A lack of understanding about blockchain and its applications could be the biggest barrier to creating blockchain-based HIE projects.
By admin
May 26, 2022, 12:05 PM

It’s hard to pin down a concise definition of blockchain because uses branch out into areas as diverse as banking, real estate, supply chain management and electoral processes. But we’re here to talk about healthcare, where experts view blockchain as a foundational technology with massive potential for innovation and growth.

The open-access journal Blockchain in Healthcare Today follows developments across multiple fields of interest including data integrity, privacy preservation, health information systems interoperability, permissioned data security, clinical support, revenue cycle automation, and the integration of artificial intelligence (AI) and machine learning tools. The journal describes the following predictions for blockchain activity over the next several years:

  • Maximizing fluidity of data exchange. Stakeholders (i.e., patients, providers, payers and IT vendors) will commit to making data discoverable based on self-set parameters. Users will connect via cloud to a central blockchain network of FHIR-compatible servers, where an ID keychain and master index will locate desired information, match it to available data, and then deliver it to the requestor. By eliminating the need for organizations to build and maintain multiple gateways with multiple entities, blockchain could significantly reduce IT costs.
  • Building trust in public health and healthcare initiatives. The COVID-19 pandemic revealed a need for more developed ways of certifying vaccinations. Expect expansion of certificate solutions for all types of vaccinations — not just for COVID. Further scaling would enable other delivered healthcare services to be “proven” through blockchain technology.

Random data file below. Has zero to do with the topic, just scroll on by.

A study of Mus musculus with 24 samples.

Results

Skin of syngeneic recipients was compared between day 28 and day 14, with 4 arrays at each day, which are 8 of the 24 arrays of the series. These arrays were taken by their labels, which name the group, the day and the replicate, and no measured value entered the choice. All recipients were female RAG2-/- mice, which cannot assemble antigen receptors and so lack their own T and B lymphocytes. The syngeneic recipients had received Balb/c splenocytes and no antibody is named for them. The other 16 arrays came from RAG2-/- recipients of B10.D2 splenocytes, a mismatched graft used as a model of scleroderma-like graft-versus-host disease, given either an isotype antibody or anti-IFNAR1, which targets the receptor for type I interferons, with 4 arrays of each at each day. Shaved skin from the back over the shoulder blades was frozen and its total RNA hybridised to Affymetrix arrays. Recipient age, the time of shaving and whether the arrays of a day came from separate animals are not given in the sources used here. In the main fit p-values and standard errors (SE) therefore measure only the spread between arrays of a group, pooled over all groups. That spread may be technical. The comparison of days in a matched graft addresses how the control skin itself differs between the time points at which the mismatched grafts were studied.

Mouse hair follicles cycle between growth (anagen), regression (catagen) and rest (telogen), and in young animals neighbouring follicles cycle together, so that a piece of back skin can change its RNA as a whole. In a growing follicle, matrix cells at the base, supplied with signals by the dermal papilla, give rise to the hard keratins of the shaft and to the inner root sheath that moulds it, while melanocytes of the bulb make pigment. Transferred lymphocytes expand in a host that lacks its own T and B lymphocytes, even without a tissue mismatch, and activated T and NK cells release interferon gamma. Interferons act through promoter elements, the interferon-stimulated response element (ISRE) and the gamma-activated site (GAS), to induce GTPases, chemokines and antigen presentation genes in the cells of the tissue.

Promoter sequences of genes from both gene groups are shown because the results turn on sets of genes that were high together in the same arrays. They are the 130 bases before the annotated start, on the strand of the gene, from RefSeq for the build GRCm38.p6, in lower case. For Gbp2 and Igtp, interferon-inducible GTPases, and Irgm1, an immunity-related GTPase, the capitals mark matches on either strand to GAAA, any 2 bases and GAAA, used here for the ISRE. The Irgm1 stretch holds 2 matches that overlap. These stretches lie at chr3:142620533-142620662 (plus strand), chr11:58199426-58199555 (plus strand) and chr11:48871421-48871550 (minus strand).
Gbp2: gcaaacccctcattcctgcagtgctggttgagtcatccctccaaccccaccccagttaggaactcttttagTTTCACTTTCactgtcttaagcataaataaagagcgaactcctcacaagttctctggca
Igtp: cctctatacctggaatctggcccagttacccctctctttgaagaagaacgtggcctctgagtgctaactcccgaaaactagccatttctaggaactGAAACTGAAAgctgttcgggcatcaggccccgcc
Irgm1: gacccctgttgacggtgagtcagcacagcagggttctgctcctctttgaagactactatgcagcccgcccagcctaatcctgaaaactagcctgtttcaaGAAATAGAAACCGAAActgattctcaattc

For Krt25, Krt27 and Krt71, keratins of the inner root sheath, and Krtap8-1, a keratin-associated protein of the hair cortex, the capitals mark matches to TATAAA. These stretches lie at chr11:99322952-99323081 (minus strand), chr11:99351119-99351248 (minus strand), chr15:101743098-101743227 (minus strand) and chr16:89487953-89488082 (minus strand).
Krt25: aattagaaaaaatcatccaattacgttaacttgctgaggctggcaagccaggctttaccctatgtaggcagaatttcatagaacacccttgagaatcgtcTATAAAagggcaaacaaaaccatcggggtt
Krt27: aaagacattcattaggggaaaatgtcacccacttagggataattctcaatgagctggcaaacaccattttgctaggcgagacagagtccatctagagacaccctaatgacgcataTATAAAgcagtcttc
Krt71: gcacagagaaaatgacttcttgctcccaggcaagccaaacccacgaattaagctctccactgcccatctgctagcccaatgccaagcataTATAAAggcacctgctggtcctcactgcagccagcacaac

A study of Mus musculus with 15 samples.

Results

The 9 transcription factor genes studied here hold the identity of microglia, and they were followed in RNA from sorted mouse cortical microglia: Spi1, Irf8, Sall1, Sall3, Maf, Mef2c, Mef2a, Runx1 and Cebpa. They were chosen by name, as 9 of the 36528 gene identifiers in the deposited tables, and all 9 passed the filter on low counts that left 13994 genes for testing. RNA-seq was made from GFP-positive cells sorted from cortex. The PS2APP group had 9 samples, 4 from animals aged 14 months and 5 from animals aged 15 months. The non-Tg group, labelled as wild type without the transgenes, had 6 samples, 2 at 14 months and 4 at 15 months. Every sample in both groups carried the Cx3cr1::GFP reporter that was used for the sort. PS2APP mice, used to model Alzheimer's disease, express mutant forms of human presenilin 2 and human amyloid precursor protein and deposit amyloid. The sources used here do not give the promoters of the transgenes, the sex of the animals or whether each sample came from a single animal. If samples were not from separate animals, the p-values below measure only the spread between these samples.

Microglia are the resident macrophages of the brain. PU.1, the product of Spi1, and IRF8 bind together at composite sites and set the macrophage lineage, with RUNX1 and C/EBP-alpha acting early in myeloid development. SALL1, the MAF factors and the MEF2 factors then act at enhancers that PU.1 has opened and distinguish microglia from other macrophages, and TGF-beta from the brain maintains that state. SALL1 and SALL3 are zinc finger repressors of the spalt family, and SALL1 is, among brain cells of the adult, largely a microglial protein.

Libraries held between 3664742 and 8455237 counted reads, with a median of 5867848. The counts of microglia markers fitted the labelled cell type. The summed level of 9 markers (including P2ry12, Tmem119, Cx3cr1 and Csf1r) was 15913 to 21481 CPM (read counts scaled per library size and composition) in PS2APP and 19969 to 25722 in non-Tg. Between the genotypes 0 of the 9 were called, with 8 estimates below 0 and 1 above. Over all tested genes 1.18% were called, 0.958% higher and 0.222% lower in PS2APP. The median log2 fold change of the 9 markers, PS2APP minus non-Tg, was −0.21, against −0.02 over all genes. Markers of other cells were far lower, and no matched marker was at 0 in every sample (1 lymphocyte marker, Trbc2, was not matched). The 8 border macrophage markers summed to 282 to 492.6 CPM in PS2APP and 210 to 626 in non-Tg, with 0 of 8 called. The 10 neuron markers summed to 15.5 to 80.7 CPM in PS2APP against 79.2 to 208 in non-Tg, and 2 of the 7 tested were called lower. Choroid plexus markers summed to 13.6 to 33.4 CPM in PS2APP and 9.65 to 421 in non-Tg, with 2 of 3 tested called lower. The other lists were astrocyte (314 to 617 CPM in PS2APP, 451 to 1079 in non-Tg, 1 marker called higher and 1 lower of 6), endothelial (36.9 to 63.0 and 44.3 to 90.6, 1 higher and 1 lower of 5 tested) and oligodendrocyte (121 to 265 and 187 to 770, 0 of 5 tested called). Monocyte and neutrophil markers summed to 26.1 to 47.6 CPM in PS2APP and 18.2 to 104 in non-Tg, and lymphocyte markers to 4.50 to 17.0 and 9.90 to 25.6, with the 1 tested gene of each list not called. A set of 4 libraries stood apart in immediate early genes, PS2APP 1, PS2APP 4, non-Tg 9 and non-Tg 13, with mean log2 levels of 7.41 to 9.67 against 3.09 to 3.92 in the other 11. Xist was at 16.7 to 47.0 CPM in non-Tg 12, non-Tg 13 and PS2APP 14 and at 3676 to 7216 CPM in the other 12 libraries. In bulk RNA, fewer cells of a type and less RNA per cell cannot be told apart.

• Integrating edge network communication with the core network. Devices that combine sensor technology and AI to generate healthcare data will have to be auditable. Watch for blockchain to establish proof of data origin and a record of the algorithm signatures that processed the data.

Related story: How can edge computing improve healthcare data operations?

Currently perceived HIE benefits and risks

Additional research suggests that blockchain-powered platforms could replace existing mechanisms for health information exchange (HIE). In-depth interviews with physicians indicate varying levels of support and concern regarding the rollout of blockchain in HIE projects.

Although 87 percent of study participants were very or somewhat positive about utilizing blockchain in healthcare, they consistently advised that healthcare entities should conduct a thorough needs assessment and feasibility analysis before selecting it as a solution.

On the plus side, 92 percent of respondents cited blockchain’s strong encryption mechanism and access control as its most important benefit. Also noteworthy, according to 76 percent of interviewed physicians, is the technology’s positive effect on data immutability, storage, aggregation and consistency. Finally, 71 percent of respondents said blockchain’s interoperable structure could enhance collaboration among healthcare organizations.

At the same time, 89 percent of participants expressed concern that most users in healthcare remain unfamiliar with blockchain and its applications. Not far behind among perceived risks, 84 percent said implementation issues could be a major barrier to blockchain-based HIEs. Also highlighted, 78 percent noted that a lack of supportive rules and regulations regarding blockchain deployment in healthcare could discourage users from integrating the technology into their practices.

Overall, this technology appears to have established a foothold in healthcare due to its unique technological features and prospects for enhancing collaboration and improving system performance. Nonetheless, applications of blockchain are still emerging and need to be studied as part of an organization’s strategic planning process.


Frank Irving is a Philadelphia-based content writer and communications consultant specializing in healthcare, technology and sports.